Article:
Submitted by Charlotte Anthony on November 8, 2010 - 3:11pm

Leslie Berkseth first heard about the LSJ Rome program when she was a freshman at the University of Washington. Since then, she has taken beginning Italian classes to prepare for the trip. On the trip, students gain a better understanding of how Italians view their legal system and how the greater European Union system operates.

“It’s a really competitive program. It’s very popular and it’s popular for a reason — it’s because it’s an absolutely amazing experience,” said Berkseth, a Law, Societies and Justice and political science major.

Berkseth said that the reason that the program is such a great experience is because of the professors.

“We try and teach about law and society but in a rooted way specifically to the culture so we use a lot of Italian cases,” said Walter Walsh, an associate professor at the UW Law School.

Students take two seminar courses that are part of the exploration seminar. The first class is on the European Union and the rights of the individual, and focuses on how rights are created and implemented in the European Union. The second is a class on Comparative United States and Legal Culture, which compares the legal heritages of Italy and the United States. This year, there was a big focus on immigration.

“You could study that any way but when Frattini, [the Minister of Foreign Affairs in Italy], came to the Rome center and gave a speech about immigration and the day before the President of Libya was there, it’s just interesting that it’s right there in front of you,” said Berkseth.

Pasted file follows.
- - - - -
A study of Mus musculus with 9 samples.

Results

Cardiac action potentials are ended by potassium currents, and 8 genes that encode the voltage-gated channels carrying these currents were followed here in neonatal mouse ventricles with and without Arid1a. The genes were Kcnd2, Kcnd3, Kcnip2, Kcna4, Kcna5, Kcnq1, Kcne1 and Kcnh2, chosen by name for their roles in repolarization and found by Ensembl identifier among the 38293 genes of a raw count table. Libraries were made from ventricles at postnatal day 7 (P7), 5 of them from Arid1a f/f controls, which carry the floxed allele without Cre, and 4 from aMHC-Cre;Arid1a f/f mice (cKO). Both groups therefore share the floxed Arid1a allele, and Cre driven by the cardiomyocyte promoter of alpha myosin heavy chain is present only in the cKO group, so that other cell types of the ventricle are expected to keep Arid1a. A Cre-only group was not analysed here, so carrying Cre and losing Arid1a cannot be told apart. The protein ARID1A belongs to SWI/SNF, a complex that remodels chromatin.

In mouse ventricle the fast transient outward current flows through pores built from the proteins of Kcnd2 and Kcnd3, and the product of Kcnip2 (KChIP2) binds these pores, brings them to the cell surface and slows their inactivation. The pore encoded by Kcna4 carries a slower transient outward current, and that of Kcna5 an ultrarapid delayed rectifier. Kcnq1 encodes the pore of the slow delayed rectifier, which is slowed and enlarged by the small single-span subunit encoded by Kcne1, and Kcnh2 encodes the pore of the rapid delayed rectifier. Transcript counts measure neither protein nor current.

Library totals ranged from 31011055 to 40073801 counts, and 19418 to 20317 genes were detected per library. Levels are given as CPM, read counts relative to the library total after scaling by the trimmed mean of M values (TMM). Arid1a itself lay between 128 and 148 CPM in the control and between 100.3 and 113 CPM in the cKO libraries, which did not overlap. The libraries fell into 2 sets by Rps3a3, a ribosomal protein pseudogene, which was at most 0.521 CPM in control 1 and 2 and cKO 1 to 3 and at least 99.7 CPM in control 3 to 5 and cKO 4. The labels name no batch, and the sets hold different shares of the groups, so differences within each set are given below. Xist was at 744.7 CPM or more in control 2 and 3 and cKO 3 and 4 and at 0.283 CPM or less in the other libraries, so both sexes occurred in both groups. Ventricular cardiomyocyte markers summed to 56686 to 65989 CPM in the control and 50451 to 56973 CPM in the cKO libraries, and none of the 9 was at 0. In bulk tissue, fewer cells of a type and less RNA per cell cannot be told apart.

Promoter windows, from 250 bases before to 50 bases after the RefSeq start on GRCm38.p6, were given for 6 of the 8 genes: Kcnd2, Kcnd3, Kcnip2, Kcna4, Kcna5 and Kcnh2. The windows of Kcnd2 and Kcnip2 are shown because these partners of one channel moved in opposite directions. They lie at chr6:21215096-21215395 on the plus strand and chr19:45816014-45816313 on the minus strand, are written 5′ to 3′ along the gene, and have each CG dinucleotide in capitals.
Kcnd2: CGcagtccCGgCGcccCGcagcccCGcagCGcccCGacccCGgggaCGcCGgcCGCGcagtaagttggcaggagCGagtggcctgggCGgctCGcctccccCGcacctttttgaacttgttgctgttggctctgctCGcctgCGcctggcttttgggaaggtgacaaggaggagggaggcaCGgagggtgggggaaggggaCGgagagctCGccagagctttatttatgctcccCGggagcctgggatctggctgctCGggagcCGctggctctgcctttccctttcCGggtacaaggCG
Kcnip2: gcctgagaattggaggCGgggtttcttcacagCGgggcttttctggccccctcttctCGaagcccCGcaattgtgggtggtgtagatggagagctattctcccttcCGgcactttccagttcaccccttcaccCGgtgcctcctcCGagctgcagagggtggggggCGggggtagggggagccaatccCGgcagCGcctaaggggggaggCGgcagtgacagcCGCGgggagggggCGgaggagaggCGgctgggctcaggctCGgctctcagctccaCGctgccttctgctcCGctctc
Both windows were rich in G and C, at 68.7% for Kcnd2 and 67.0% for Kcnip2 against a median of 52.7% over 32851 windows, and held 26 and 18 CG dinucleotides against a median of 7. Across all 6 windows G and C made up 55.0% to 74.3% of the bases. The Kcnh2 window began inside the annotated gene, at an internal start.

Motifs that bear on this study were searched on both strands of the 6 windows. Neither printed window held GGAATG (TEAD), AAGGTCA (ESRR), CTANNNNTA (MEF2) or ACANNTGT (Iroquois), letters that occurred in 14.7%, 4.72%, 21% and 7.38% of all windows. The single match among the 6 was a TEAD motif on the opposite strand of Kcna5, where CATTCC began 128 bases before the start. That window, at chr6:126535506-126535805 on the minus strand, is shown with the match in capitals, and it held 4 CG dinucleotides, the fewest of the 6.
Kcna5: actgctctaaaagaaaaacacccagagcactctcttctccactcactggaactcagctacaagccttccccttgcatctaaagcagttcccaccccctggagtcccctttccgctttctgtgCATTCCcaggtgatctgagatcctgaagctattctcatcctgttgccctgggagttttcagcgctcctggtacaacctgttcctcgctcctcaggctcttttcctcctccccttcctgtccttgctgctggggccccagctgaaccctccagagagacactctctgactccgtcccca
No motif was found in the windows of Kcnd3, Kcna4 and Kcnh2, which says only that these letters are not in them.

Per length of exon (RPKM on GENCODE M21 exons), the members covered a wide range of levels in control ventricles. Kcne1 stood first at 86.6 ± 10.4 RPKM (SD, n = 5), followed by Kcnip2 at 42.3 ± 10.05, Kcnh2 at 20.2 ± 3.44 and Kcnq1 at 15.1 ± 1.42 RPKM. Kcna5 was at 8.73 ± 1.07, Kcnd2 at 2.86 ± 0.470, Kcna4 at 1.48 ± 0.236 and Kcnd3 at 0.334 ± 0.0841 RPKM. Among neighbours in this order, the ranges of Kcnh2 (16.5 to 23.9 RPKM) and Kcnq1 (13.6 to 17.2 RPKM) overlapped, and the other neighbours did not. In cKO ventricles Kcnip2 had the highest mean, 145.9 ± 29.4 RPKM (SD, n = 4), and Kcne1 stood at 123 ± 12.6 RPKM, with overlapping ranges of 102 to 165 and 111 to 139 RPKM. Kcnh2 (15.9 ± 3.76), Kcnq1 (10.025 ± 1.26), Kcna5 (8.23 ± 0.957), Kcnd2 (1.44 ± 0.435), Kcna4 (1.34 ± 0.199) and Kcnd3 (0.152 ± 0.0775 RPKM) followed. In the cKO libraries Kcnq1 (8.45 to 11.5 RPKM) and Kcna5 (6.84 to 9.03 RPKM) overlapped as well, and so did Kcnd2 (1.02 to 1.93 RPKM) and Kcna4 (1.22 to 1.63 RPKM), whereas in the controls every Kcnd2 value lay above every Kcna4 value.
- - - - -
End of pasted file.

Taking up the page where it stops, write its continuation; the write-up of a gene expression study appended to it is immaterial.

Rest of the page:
One of the greatest advantages of being in Italy is that students are not only discussing issues in class but also experiencing them by interacting with people in Rome. In one of the projects, students conducted interviews with Italian lawyers and law students.

Even though it is an intensive program, students have the opportunity to go to other places on the weekends. Berkseth said that she was able to visit Cinque Terre one weekend, and Siena and Florence another.

The program also takes advantage of Rome’s unique location. The faculty has planned trips outside of Rome to Bologna where students went to the law school on an overnight trip.

“In the past year, we’ve been to the Italian Supreme Court and this year we went to the Library Chamber of Deputies,” said George Lovell, a professor in the Law, Societies and Justice program.

This is the sixth year of the program. It usually enrolls about 25 students, including a mix of undergraduate and graduate students from the law school. The advantage of having a smaller group of students is that it gives students the opportunity to share the experience as a group.

“You have to go outside your home country and experience their way of life before you understand your own,” said Berkseth. “I think the LSJ program is a great way to do that.”

More information about the program, including application instructions, can be found at the Rome program website:

This article was composed by Charlotte Anthony.